The 2016 Sopwith lecture will be delivered by Air Marshal J A Young CB OBE MDA BSc FRAeS, Air Member for Materiel and Chief of Material, Defence Equipment and Support.
Air Marshal Young has been linked to the changing support arrangements for military aircraft since 2003, when the ‘End-to-End Logistics Review’ was published and he was responsible for leading the implementation of its recommendations.
The principal recommendation for support was to contract for availability, which was achieved through establishing partnering arrangements with industry. The first ‘Integrated Operational Support’ contract signed in the Air Environment was for Sea King, followed closely by the ‘ATTAC’ deal on Tornado GR4 that changed the landscape forever in its level of integration and shared responsibility between the MOD and Industry. Since then all support contracts in the Air Environment have evolved through learning the lessons from the early flagship arrangements. Contracting for availability and capability now are the norm. However, the last 10 or so years have been challenging and, with support costs comprising the majority of the budget into the future, the recurring question is how can ever-greater efficiencies be delivered in support to sustain the desired level of capability growth into the future.
Through this named lecture, Air Marshal Young aims to explore the history of contracting for support over the past 10 years, assess the lessons learnt - good and bad - and look at what now needs to happen to keep up with expectations for delivering more with less at an acceptable risk to delivery.
This RAeS Named Lecture was established in 1990 to honour Sir Thomas Sopwith CBE, Hon FRAeS. In the years prior to World War I, Sopwith became England’s premier aviator and established the first authoritative test pilot school in the world. He also founded England’s first major flight school. Between 1912 and 1920 Sopwith’s Company produced over 16,000 aircraft of 60 types.
All RAeS Lectures are free to attend and we welcome both Members and Non Members. To RSVP, please click the Register button under Key Details and log in to your profile or create a user account. Alternatively, send your name and contact details to email@example.com to reserve your place.
This is lecture is kindly sponsored by:
Air Marshal Julian Young was appointed Chief of Materiel (Air) within DE&S in April 2016. In this role he leads an organisation of some 1,600 military and civilian staff with the responsibility of spending an annual budget of around £4Bn on equipping and supporting all of the Ministry of Defence’s (MOD’s) fixed-wing aircraft. He also is the focal point of contact within DE&S for the Royal Air Force (RAF), is a Member of the Air Force Board and Chief Engineer (RAF).He also has a MOD-wide role as the Defence Engineering Champion.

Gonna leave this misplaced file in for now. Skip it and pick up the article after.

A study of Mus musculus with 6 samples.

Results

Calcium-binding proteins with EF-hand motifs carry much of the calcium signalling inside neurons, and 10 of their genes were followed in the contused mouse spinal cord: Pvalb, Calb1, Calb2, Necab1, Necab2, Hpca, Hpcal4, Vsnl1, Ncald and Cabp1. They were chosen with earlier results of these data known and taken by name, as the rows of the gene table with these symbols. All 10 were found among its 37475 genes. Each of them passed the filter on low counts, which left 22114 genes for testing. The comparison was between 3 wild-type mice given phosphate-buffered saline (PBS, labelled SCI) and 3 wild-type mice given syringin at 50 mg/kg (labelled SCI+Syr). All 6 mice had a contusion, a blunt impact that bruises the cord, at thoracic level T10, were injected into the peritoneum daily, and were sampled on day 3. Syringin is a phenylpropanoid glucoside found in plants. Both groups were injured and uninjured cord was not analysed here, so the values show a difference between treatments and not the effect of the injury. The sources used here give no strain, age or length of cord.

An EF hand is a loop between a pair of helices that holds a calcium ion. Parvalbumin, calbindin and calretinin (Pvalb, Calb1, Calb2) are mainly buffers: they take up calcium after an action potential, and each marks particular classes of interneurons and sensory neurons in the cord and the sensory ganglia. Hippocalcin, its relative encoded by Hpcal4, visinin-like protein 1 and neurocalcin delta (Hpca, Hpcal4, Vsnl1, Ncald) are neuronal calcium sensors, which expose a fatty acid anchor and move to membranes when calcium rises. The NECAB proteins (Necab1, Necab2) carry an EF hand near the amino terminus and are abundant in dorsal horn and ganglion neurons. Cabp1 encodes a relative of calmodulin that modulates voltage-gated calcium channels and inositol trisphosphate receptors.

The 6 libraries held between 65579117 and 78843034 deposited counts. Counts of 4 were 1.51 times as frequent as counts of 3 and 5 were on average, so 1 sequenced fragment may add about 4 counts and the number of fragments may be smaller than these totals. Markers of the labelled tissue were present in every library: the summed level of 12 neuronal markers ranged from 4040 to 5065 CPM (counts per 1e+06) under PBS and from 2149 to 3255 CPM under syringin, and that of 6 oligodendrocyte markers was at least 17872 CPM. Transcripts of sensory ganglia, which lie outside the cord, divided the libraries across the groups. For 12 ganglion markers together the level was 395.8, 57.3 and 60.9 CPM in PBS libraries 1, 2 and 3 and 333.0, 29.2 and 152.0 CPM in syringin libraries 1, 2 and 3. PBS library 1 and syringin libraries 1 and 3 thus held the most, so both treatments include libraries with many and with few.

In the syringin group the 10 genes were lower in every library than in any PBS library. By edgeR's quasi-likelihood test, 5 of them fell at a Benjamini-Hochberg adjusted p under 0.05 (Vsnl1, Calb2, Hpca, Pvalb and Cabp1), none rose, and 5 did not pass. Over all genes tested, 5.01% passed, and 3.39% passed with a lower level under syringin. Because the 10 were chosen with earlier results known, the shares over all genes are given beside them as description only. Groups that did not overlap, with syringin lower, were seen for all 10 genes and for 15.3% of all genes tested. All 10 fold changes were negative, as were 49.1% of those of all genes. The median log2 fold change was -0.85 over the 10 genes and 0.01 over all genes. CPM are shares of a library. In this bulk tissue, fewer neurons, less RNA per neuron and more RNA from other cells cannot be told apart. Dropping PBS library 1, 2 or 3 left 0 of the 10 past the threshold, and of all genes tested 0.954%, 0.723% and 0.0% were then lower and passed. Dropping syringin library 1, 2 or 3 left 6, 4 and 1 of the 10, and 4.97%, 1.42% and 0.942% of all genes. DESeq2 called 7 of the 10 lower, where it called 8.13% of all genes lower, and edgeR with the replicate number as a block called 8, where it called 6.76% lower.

Previously, he was DE&S’s Director Helicopters for some 16 months, where he was responsible for equipping and supporting Defence’s rotorcraft. Before this spell in DE&S, he was triple-hatted at HQ Air Command as Executive Officer, Chief Engineer and Chief of Staff Support for 2 years. In 2010 he worked with PwC and EADS for 6 months through the Defence Career Partnering Scheme.
On promotion to 2-star rank in August 2009, he was appointed as Director Defence Support Review with responsibility for improving the effectiveness and efficiency of Defence Support; many of the ideas generated - including ‘Total Support Force’ - have been implemented. He was Assistant Chief of Staff A4 (Logistics & Operational Engineering) at HQ Air Command from February 2007 onwards. He attended the Royal College of Defence Studies 2006 Course. For the previous 2½ years he was engaged in change, leading the Air Team in the implementation of the Logistics End-to-End Review’s recommendations, including Forward & Depth organisations and Lean techniques to the wider Air Force, and then as Programme Director of the Defence Logistics Transformation Programme. He is an Engineer Officer and early operational tours were on Support Helicopter squadrons, including Operation GRANBY (Gulf War I) and detachments to the Falklands. Later tours focused on Harrier GR7/T10 aircraft, both in the Project Team and operationally. He also has been the RAF lead for Engineering, Safety and Quality Policy and, as the Engineering Trade & Engineer Branch Sponsor, authored the RAF Multi-Skilling, tri-Service Aircraft Trade Convergence papers and the 2009 RAF Engineer Branch Strategy. He served as Station Commander at RAF Cosford in 2002-03, and was awarded his CB in 2013 for work related to RAF organisational change and OBE in 2000 for work related to Harrier support.